Jeremy Swiger is our Blog Editor-at-Large, living in Germany and experiencing life in the land of little or no speed limits. Here’s his latest ramblings.
At the end of January, a series 1 Datsun 240Z sold on Bring A Trailer (BaT), the online auto auction site, for an unprecedented $310,000. While obviously an outlier in early Z-cars sales, this particular example was an unmolested, original example with an extremely well documented history. For the most part, series 1 240Zs in good driver condition can be purchased in the low to mid $20’s, with the cream of the crop pushing $50k. To go north of $50k, the car must be really special, such as a Nissan factory restored car which also sold on BaT for a mere $105k.
All of this recent attention to old Datsun Z-cars got me reminiscing. Z-cars were a part of my family for a long time. In the mid ‘80s, I remember my mom lusting over the Z31 300ZX when it was new. When I turned 16 and took over the helm of her hand-me-down ‘87 Accord, she and my dad went on a search for the perfect car, settling on an ‘87 300ZX model with only two previous owners and a long history of love. The purchase of this car occurred in the mid ‘90s, near the end of production of the Z32 300ZX, which as a teenager of the ‘90s was the stuff of dreams, the marketing poster typically displayed on bedroom walls, sharing space with the likes of Vipers, Countach’s and 911s.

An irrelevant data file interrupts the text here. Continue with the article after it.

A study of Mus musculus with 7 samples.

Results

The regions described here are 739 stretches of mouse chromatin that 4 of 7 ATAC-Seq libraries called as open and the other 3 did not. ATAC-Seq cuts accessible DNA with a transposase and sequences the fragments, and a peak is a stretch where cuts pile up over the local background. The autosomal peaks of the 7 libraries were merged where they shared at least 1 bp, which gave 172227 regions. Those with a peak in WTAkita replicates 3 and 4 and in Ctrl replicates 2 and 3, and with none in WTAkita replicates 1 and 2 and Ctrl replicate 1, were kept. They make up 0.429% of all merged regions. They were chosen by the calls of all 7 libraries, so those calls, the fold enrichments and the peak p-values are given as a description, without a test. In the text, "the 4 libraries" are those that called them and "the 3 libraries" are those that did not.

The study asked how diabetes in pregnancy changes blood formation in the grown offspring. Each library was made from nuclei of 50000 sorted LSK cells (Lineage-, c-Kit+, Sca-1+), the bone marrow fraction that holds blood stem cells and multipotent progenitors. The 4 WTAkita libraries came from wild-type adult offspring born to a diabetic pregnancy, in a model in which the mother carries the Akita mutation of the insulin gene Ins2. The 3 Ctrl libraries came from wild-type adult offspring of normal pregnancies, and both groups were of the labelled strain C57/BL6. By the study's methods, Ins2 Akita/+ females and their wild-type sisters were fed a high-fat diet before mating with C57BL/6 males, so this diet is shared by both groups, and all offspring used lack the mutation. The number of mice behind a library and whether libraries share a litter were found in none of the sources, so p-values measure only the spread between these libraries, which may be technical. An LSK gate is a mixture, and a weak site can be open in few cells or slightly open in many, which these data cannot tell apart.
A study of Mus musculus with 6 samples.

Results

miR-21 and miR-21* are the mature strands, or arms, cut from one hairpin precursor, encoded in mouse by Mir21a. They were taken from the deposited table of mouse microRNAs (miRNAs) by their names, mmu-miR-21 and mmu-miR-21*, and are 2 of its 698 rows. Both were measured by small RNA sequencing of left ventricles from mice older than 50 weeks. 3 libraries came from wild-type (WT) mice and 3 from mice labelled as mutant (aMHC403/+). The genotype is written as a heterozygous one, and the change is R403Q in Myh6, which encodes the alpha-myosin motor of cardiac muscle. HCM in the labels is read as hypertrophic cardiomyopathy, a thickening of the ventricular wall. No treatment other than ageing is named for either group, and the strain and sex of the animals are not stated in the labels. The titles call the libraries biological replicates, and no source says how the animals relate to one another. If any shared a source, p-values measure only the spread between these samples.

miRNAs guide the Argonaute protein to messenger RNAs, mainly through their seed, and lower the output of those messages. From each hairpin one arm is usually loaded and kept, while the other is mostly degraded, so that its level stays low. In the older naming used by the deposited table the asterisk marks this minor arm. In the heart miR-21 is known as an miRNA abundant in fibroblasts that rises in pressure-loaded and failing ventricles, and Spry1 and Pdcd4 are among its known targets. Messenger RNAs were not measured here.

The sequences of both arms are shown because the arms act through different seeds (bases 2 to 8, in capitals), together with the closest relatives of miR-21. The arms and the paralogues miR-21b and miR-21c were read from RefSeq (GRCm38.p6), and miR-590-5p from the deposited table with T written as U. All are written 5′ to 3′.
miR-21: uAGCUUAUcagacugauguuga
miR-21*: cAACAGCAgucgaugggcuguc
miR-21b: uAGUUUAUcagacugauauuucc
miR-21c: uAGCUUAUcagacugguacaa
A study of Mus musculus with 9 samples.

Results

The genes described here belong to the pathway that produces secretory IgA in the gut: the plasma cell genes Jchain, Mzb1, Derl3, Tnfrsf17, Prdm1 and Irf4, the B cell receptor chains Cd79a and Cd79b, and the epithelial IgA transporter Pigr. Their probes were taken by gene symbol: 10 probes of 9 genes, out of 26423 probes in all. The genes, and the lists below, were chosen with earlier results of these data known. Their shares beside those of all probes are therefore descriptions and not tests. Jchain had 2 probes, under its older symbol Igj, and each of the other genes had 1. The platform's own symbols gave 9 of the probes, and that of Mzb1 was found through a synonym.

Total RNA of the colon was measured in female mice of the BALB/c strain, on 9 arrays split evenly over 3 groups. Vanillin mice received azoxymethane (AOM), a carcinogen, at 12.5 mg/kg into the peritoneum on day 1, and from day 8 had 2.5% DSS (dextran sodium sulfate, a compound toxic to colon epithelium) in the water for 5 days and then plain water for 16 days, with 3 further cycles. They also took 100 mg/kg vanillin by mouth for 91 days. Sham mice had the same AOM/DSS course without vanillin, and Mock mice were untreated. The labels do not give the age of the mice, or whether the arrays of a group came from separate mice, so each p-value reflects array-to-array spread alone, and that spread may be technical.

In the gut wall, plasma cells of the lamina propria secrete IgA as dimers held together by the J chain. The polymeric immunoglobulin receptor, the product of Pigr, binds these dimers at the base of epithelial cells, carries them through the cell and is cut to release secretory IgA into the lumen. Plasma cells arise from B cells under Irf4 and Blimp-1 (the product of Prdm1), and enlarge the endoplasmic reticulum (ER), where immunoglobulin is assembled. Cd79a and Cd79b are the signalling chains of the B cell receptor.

On occasion, I was allowed to drive it. T-Tops out, cruising the streets of my hometown of Maitland, Florida. Yeah, it was cool!
But back to the series 1 cars that started it all. The 240Z is part of my earliest automotive memories. My uncle daily drove a 1970 model for around 20 years. In his younger days, Uncle Ray, a bachelor, lived in a custom waterfront A-frame stilt house, owned big sailboats and drove a cool car. When I was 4 years old, he declared I was old enough to help drive! Forever imprinted in my memory, one upon which I look very fondly, was the day I got to do the shifting. Picture it: early ‘80s. There were seatbelt laws but who knows if they were enforced. Normally we, the kids (my brother and I) were restrained, be it in a backseat (of another car) or the front seat with the should strap pulled behind the headrest to keep it from catching us in the neck. On this day, with Uncle Ray manning the steering, clutch and throttle, his girlfriend riding shotgun, my brother on the package shelf in the back, I got to ride on the transmission hump and when prompted, move the gear lever to the next gear.
Much of my love of cars comes from my dad. There is no disputing that. But certain memories stick with you and this is one of mine… feeling the weight of the shifter moving between gears; the diamond-patterned vinyl cover of the transmission tunnel, the triple gauge pod in the center of the dash; rolling through the streets of Tampa helping do the “driving”. I can’t help but think of this every time an orange 240Z pops up on BaT.